Q: May a pharmacy legally sell CBD "supplements"?
A: No. On December 20, 2018, FDA Commissioner Scott Gottlieb issued a statement explaining that while the Farm Bill of 2018 removed hemp from the federal Controlled Substances Act, "Congress explicitly preserved the [FDA's] authority to regulate products containing cannabis or cannabis-derived compounds under the FD&C Act." Hence, the FDA "treat[s] products containing cannabis or cannabis-derived compounds as [it does] any other FDA-regulated products." Importantly, FDA reminded the regulated community that it is "unlawful under the FD&C Act . . . to market CBD or THC products as, or in, dietary supplements, regardless or whether the substances are hemp derived. This is because both CBD and THC are active ingredients in FDA-approved drugs and were the subject of substantial clinical investigations before they were marketed as . . . dietary supplements." The full text of Commissioner Gottlieb's statement may be found here: http://www.ncbop.org/pdf/FDACannabisStatement122018.pdf.
In late February, the North Carolina Department of Agriculture -- which directly regulates industrial hemp products in North Carolina -- began sending letters to businesses that manufacture or sell CBD-containing products emphasizing that "North Carolina has routinely adopted by reference the federal Food, Drug & Cosmetic Act and implementing regulations. The violation of these federal laws and regulations would equally be a violation of state laws and regulations." The Department of Agriculture's letter -- like Commissioner Gottlieb's statement -- emphasizes that "CBD is the active ingredient in the approved drug product Epidiolex" and that "[s]ince CBD is the active ingredient in the approved drug product Epidiolex, it is currently excluded from being a dietary supplement under section 210(ff)(3)(B)(i) and (ii) of the FD&C Act."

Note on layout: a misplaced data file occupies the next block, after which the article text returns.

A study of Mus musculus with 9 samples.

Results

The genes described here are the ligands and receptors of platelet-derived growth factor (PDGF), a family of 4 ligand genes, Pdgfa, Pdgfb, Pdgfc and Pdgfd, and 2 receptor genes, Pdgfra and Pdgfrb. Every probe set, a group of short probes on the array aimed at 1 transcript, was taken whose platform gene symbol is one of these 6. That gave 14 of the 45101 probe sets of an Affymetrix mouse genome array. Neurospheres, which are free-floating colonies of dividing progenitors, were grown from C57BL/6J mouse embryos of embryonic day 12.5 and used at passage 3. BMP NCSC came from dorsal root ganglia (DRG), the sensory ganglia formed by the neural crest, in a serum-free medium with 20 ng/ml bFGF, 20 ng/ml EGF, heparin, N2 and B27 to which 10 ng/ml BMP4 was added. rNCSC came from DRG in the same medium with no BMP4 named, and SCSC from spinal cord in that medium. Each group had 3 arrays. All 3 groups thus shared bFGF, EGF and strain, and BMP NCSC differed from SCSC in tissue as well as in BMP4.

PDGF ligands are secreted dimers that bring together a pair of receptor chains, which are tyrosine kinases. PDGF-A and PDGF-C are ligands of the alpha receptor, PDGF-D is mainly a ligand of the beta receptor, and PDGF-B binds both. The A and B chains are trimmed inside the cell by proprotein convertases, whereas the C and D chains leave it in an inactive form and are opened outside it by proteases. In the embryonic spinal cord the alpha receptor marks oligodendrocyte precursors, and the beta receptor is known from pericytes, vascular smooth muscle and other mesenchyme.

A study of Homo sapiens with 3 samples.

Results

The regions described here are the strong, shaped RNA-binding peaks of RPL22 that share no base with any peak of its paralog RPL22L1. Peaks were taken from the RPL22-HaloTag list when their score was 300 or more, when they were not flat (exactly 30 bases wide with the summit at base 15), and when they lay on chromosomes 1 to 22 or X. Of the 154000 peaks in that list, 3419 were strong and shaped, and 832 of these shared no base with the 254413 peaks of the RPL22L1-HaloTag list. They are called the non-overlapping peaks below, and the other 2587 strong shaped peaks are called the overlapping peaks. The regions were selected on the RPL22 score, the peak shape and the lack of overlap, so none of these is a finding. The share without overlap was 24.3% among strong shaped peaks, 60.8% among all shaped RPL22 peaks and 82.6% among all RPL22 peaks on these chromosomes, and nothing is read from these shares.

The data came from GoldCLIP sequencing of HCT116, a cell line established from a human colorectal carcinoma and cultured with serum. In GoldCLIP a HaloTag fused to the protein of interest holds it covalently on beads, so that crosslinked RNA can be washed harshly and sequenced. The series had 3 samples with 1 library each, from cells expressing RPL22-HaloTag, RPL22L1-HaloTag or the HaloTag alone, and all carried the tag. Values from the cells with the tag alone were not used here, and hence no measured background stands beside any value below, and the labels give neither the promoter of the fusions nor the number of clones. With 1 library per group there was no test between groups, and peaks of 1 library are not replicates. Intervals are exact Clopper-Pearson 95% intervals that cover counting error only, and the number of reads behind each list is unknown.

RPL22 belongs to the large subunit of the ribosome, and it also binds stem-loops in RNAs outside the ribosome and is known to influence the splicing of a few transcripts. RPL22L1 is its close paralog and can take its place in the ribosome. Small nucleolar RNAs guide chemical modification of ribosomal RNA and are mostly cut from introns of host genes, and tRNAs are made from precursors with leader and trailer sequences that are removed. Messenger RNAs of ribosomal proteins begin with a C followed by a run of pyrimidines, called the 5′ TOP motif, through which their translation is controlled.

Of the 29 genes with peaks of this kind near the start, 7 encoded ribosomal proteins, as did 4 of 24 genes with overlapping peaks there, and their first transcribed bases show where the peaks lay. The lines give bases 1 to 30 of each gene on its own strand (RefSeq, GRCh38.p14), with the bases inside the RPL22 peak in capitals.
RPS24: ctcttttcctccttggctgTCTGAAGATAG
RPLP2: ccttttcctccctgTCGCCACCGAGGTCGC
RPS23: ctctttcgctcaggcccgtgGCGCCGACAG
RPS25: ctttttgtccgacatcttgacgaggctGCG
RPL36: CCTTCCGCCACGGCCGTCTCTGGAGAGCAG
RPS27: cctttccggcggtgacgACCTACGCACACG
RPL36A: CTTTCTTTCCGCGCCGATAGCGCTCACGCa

The North Carolina Department of Agriculture further emphasized that "CBD products marketed with claims to prevent, mitigate, diagnose, treat or cure diseases" make those products "drugs under the FD&C Act." Accordingly, "CBD in products other than the approved drug Epidiolex and which make health claims would be a new drug that cannot legally be introduced into interstate commerce."
The full text of the Department of Agriculture letter is found here: http://www.ncbop.org/pdf/CBDletterNCDeptAgriculture.pdf.
Board staff trusts this clears up any lingering confusion concerning CBD-containing supplements.